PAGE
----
Special Correspondent

Ten teams have been formed in addition to the two Rapid Response Teams in Valparai to deal with situations arising out of human-animal conflicts in Valparai
Ten teams have been formed in addition to the two Rapid Response Teams in Valparai to deal with situations arising out of human-animal conflicts in Valparai

With human-animal conflict heightening in Valparai due to the influx of a number of elephants, Anamalai Tiger Reserve (ATR) officials have stepped up conflict mitigation efforts by deploying more forest personnel to monitor herd movement and alert people.

The officials embarked on a mapping exercise to bring in conflict mitigation mechanisms in Valparai town and surrounding areas, said Rajiv K. Srivastava, Field Director of Anamalai Tiger Reserve.

In the beginning of this week, on a single night, more than 80 elephants went on the rampage in over eight places, damaging houses and destroying commodities in Public Distribution System outlets besides causing extensive damages to a bungalow in Periyakallar region. On Wednesday night, nearly 150 elephants were sighted in 16 locations.

With the herds continuing to move in the area, Deputy Director of ATR and Pollachi District Forest Officer P. Velusamy, along with more than 130 personnel, was camping in Valparai, Mr. Srivasatava said.

Ten teams had been formed in addition to the two Rapid Response Teams in Valparai to combat conflict situations. The vehicles and teams were equipped to react quickly. In Manomboly Range of ATR, 60 persons were deployed in 13 locations while 75 were camping in 15 locations in Valparai range. An alert system developed with the help of Nature Conservation Foundation using red revolving beacon lights atop tall structures were in place at 18 places. In addition, the personnel on deployment were in Closed User Group (CUG) network on mobile phones for instant sharing of information, an official at Valparai said.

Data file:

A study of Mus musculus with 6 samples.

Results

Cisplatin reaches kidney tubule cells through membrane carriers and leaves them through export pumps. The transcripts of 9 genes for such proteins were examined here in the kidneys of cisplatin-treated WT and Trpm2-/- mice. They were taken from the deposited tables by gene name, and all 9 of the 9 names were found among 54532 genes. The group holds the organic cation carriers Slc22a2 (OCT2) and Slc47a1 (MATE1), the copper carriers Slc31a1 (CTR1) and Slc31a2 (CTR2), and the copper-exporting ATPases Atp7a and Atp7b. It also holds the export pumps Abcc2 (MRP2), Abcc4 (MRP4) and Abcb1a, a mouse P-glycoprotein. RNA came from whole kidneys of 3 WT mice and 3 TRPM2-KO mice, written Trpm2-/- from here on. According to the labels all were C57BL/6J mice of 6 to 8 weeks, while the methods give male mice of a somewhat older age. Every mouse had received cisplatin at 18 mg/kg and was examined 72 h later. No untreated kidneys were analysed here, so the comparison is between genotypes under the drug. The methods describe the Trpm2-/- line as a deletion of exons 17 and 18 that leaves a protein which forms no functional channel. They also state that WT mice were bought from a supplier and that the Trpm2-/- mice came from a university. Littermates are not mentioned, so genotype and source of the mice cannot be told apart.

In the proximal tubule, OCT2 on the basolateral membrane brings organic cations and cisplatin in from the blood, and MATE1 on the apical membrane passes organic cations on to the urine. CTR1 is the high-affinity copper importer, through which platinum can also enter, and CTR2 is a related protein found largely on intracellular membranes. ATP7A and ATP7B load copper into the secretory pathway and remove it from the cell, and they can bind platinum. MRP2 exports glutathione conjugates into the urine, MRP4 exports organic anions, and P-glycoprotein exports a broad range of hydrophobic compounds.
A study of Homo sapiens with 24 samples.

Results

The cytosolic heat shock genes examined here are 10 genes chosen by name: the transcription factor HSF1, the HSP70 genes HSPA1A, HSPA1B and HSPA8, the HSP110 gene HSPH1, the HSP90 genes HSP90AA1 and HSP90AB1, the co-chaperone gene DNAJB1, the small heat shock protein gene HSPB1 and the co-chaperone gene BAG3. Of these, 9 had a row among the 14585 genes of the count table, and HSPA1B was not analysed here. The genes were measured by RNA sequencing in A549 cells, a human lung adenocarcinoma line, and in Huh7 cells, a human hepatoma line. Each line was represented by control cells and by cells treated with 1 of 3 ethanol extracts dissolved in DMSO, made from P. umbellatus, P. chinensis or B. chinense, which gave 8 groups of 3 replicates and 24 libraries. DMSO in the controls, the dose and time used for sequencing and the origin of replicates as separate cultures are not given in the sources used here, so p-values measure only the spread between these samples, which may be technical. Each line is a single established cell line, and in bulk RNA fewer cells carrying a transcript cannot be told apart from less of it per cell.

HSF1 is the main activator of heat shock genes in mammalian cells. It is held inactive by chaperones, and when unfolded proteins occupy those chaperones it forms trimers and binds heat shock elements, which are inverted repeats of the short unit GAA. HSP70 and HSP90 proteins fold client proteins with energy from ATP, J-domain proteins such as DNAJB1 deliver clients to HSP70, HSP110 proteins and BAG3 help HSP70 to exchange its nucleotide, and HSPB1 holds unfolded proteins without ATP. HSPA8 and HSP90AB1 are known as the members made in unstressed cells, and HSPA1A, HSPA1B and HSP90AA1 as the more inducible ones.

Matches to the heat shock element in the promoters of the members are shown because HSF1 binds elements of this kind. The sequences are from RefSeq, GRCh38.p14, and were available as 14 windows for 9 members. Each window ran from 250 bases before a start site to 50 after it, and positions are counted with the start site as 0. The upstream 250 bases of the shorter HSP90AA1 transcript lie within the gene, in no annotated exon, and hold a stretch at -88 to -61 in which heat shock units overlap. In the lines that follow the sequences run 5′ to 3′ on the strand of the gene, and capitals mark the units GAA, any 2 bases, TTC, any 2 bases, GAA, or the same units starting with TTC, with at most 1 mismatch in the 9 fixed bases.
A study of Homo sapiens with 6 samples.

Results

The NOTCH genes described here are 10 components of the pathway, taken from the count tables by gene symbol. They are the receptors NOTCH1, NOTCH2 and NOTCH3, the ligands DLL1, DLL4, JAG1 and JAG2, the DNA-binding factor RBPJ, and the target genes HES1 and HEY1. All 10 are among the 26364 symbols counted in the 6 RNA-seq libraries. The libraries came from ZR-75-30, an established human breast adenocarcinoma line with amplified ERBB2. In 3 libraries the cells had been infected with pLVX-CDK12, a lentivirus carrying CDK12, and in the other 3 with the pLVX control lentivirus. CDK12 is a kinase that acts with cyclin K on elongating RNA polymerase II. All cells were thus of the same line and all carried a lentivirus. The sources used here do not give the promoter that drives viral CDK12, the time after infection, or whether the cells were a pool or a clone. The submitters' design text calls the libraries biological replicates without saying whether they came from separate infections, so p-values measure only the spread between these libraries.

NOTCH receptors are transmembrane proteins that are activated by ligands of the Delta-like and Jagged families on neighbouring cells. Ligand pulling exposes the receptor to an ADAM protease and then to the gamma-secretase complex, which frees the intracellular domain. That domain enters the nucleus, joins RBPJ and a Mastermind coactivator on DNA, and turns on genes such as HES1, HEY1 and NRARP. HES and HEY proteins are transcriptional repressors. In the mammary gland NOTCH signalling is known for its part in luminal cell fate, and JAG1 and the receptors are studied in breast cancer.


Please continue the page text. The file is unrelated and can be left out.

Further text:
Anti-poaching watchers, anti-depredation squads and four vehicles were kept ready in Valparai, he said. Vehicles were equipped with Public Address System to alert people residing in labourers’ quarters in various estates about the animals’ movement. In addition, the staff had been asked to create “salt licks” in the forest so that the pachyderms never strayed out in search of salt. Plantation workers were being sensitised to the need to stay safe and avoid moving out early in the morning and after dusk. Forest personnel were also working in close co-ordination with the estate managers. With December to February being the breeding season, incidents of pachyderms migrating and getting into other herds in search of partners and resulting in disturbance to the herd were quite likely, another official added.

To seek help and provide alerts about movement of leopards, tigers or elephants, people can call the ATR Field Director’s office by dialling the toll free number 04259-232525, Mr.Srivasatava said. Such information could be passed on to the teams on the job on a real-time basis.